The company of the future topic (which I recently tackled here and here) sticks around. Why a second follow-up? Because I just came across a paper (PDF) by (the highly esteemed!) Yochai Benkler. It goes by the title Peer production, the commons, and the future of the firm so it naturally grabbed my attention, particularly for the title’s final part.
For those who haven’t read my original essay on the issue here’s a quick recap (though I’d still recommend reading it in full ;)): I looked at six current trends – ranging from the gig economy, microservices and blockchain to industry 4.0 and new organizational approaches – to arrive at a scenario that depicts a future company. The result was a structure that is rather small and specialized, highly networked with other such structures and largely consisting of autonomous agents. I wrote it would “resemble an aggregator (of talent) but with more elements of an actual organization compared to today’s platform-aggregators“.
In his essay Benkler comes to a similar conclusion, though from a different angle, namely his primary topics innovation and peer production. Some annotated quotes:
Classic theories of the firm are under severe pressure from collapsing transactions costs and the increasing strategic importance of incontractible aspects of innovation and problem solving. Peer production and open innovation more generally, flash teams, online labor markets for high- and low-skills, and the increasing degree to which problem-solving and innovation under uncertainty are central to growth questions the continued necessity of firms. Considered through the older theoretical lenses, classic firms appear destined to shrink towards playing niche roles where highly concentrated capital requirements persist and cannot be displaced by networks; or where obtaining and managing government-granted rent-extraction opportunities, like patents, are salient.
I’m with Benkler. I think the notion of concentrated capital requirements as the key characteristic for areas in which traditional company models will prevail is justified. At the same time, as I highlighted in the passage dealing with industry 4.0 and smart factories, it’s likely that new organizational forms might even emerge in capital-intense field like manufacturing. Automation combined with APIs plus technologies like 3D printing are the building blocks for a potential future where capital requirements for geting into manufacturing are drastically reduced.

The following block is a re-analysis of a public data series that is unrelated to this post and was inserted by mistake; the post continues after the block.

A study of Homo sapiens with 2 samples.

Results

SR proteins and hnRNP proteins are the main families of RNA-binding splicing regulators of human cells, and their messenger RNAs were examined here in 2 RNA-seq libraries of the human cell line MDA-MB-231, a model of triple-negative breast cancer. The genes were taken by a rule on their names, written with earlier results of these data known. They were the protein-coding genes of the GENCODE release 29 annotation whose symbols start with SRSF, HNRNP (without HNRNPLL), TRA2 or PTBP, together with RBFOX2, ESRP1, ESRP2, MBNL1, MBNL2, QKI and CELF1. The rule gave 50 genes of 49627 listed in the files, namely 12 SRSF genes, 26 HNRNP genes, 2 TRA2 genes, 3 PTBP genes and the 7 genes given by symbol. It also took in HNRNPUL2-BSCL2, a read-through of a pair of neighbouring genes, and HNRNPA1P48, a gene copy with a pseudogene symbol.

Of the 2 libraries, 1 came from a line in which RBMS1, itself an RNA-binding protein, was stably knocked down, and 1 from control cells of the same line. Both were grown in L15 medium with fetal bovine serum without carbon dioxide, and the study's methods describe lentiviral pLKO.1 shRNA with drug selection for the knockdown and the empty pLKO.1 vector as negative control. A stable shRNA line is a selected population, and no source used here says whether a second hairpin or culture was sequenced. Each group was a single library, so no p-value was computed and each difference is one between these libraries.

When transactions costs are more-or-less eliminated, technology for monitoring every keystroke and contribution is ubiquitous, and innovation depends as much on prosocial and intrinsic motivations as on extrinsic motivations appropriate for agents who act under self-interest with guile, what role, if any, remains for the firm?
But as online labor markets combine with peer production to make conceivable, if not force, a fluid global market in labor and talent, the question runs much deeper. What continues to be the role of the firm where transactions costs are low enough to allow “orchestration” of networks of resources to be the sole remaining function of a firm? And if talent pools and knowledge resources can be orchestrated for particular projects, why is orchestration itself not a role that can be fluid and ad hoc?
All very good questions. Of course, Benkler doesn’t argue that we won’t have firms in the future. Neither do I. But other forms of organizing how people get together to get stuff done have been emerging for several years now and the conditions to do so only improve. Thus, I think the second answer Benkler gives regarding conditions under which we’ll rely on firms is also noteworthy:
… “high-road” strategies that invest in building the firm as a collaborative community are preferable to more transactional or efficiency-driven firms, but it suggests further that in the presence of substantially lower transactions costs and competition from nimble, flash organizations and non-market innovation, building communities of meaning around economic collaboration is the primary form of strategic advantage firms have over dynamic, fluid networks of collaborators.
Indeed, I believe a major reason why we are still going to see companies in the future is for cultural reasons. However, while people crave belonging and social contacts, this does not necessarily need to happen in the model of a firm handing out an employment contract. To be sure: It likely will due to social norms, systemic incentives (benefits etc.) but none of those is set in stone.
The paper is really good so go read it.